Mitt Romney feels vindicated by Hillary Clinton.
At a book event for Rep. Paul Ryan, his former running mate, Romney said that Hillary Clinton distancing herself from some of President Barack Obama's foreign policy was reminiscent of the campaign he ran against the president.
"She was very critical of the president's foreign policy, and basically said 'he doesn't have one,'" Romney, the 2012 Republican presidential nominee, said, according to Bloomberg. "I used to say that during the campaign.
Romney was referring to Clinton's interview with the Atlantic's Jeffrey Goldberg, where the former secretary of state appeared to create space with the president on foreign policy and knock some of his guiding principles.
"Great nations need organizing principles, and 'don't do stupid stuff' is not an organizing principle," Clinton said, referring to a view Obama has expressed to aides and reporters.
Clinton's split with Obama and the subsequent beltway kerfuffle -- where Clinton was knocked by former Obama aides and forced to backtrack -- was evidence of how difficult it would be for her to create any distance with the president.
"Hillary Clinton tries to distance herself from the foreign policy of the president," Romney said in Chicago. "That would work better were she not his secretary of state for four years."
Romney later added that if Clinton were to win in 2016 -- she is the favorite for the Democratic nomination and is admittedly thinking about a run -- she would just "keep these things going" like they have been under Obama.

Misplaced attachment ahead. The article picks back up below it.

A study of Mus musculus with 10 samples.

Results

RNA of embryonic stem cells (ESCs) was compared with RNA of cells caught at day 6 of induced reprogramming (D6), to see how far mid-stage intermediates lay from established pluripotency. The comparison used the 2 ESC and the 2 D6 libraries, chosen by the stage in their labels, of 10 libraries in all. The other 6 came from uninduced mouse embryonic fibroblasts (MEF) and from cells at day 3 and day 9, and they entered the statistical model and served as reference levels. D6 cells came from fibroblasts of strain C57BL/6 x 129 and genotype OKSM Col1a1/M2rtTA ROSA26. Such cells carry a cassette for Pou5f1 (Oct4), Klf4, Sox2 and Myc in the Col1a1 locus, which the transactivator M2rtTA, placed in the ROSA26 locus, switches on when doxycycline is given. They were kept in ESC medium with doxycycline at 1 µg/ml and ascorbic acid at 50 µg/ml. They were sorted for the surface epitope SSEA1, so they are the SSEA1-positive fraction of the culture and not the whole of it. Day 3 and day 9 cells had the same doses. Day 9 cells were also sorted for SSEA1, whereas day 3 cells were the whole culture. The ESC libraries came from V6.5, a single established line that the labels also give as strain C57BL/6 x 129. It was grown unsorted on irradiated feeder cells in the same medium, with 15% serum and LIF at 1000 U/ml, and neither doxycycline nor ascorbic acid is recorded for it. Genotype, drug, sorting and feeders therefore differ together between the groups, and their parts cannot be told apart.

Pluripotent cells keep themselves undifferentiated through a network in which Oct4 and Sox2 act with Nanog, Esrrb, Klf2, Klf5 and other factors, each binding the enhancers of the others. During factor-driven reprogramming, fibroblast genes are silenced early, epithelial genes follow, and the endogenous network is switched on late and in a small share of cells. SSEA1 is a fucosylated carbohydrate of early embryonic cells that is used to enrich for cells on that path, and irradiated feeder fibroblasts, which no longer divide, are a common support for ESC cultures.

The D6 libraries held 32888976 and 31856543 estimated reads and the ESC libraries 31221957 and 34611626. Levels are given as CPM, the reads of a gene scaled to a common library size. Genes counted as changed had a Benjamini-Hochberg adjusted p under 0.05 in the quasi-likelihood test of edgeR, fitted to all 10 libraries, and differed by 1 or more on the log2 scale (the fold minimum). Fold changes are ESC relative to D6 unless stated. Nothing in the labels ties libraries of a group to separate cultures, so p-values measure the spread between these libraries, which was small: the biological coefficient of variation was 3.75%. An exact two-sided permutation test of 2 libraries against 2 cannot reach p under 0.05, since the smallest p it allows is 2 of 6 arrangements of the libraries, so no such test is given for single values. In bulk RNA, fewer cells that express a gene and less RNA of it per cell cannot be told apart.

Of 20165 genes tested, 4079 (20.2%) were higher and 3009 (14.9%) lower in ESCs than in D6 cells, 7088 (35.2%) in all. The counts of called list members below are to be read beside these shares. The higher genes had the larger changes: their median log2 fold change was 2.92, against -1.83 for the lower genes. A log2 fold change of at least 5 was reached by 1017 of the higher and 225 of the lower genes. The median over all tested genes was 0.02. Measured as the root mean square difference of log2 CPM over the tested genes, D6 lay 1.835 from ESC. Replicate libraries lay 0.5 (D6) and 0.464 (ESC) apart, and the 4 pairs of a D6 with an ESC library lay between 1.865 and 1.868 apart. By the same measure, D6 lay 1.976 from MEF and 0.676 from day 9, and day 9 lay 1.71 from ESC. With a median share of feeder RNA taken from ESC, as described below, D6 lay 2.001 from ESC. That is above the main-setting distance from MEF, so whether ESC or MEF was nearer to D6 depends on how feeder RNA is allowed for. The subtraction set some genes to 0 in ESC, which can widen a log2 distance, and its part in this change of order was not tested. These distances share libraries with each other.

Romney made similar statement in a Thursday night appearance with Ryan on Fox News.
"I can't begin to explain the president's foreign policy. I think Hillary Clinton tried to explain it by saying there wasn't a foreign policy, in effect," Romney said. "Rarely did I agree with what Hillary Clinton had to say but on that topic, I think we agreed. I think it's interesting that she tries to distance herself from the president's foreign policy, given the fact that she was his secretary of state for four years."
The former Massachusetts governor's critique echoes what Ryan and other Republicans have said: Clinton won't be able to shake the Obama record.
"I don't think people are going to want to have an Obama third term and no matter how she tries to shake that label, she won't be able to," Ryan said in an interview with USA Today earlier this week.
This line of questioning by Romney and Ryan has worried some Democrats.
Some Clinton associates have quietly expressed concern that one of the most effective critiques could be that her presidency, should she run and be elected, would be nothing more than Obama's third term.
"She was in his government, she was at his side," a Clinton friend and former aide told CNN. "That is, the way to go after her is four more years of the same old thing. The question they should ask her is 'Tell me 10 things that you disagree with him on.'"
Not all Democrats, especially those tasked with defending Clinton, agree that the former secretary of state will need to distance herself from Obama.
"Hillary Clinton is one of the most admired and trusted public figures in America and should she run for president, she will run on her own record and implement her own vision for moving our country forward," said Adrienne Elrod, spokeswoman of Correct the Record, a pro-Clinton communications group, in response to Ryan's critique.